Newly formed program emphasizes the gifts to appreciate and share in maturing
by Sister Jane Riha
Winter 2021 newsletter
In my early 70s, I realized that there were new choices to be made at this season of my life. I desired to live the rest of my life with vitality and a balance of enjoyment and involvement. I found a way to support my desire on the Oblate School of Theology website. A new online, two-year program called Forest Dwelling: Spirituality for our Wisdom Years, was initiated in January 2019. I completed the program in December 2020 with deep gratitude and rejoicing.
Ron Rolheiser, OMI, renowned author and presenter on Christian Spirituality, formed a team that designed the ecumenical spirituality program. The program is designed for people, like me, in the third stage of their life who, according to the program description, “desire to mindfully embrace the challenges and opportunities of aging and diminishment”. Forest Dwelling is an archetypal image that indicates withdrawing into a deep forest to seek deeper spiritual truths.
I shared my spiritual journey with 86 participants from across the United States, Canada, New Zealand and Australia. Though the majority of the program was online, one week, onsite gatherings were scheduled twice a year at Oblate School of Theology. We managed three onsite settings until the pandemic made it necessary to complete the last gathering virtually.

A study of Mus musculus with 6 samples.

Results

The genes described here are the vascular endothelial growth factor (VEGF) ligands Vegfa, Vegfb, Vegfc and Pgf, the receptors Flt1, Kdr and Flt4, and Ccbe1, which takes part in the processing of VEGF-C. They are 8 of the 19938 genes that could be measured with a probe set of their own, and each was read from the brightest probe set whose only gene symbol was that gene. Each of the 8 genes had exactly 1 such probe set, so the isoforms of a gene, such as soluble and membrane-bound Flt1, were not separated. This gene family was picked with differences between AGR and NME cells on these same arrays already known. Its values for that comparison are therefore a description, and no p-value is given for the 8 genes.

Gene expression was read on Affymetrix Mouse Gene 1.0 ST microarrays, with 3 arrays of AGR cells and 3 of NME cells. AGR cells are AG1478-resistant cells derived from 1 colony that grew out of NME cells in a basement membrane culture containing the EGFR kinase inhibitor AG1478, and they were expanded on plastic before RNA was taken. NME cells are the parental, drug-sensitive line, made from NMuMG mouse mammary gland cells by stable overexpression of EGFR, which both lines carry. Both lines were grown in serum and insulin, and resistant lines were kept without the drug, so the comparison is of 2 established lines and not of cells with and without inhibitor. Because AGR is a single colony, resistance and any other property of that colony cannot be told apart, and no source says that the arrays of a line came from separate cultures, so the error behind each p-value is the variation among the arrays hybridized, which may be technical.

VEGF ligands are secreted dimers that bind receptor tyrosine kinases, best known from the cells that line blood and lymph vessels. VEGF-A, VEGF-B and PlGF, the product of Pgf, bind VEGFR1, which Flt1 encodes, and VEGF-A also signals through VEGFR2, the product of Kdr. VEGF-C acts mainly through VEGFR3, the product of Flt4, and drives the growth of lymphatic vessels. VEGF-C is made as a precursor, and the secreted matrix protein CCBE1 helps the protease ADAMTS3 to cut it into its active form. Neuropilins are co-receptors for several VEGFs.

The interaction with this wonderful and diverse group of people, sharing in discussions, prayer experiences, and dialogue has greatly enriched my life. As a result of this relationship, I feel a deep connection with so many persons especially with the seven persons who are part of my Elder Circle. The monthly virtual Elder Circles were intended to prayerfully process our study and share our personal spiritual journey. My Elder Circle decided to continue our Zoom gatherings even though the program is completed.
I learned to be a Dweller who appreciates this season of my life as an opportunity to develop my potential as a person, to live mindfully present to other people, and to cherish all of life’s lessons learned through suffering, celebrating, and maturing. At the conclusion of the program, we received a handcrafted ceramic bowl, pictured here. The bowl is a reminder to fill it with the fruit of my wisdom experience and to generously pour out the contents. The world needs compassionate listeners who understand the human condition; the young need elders to share their wisdom and advice; the old need the young to show them new horizons.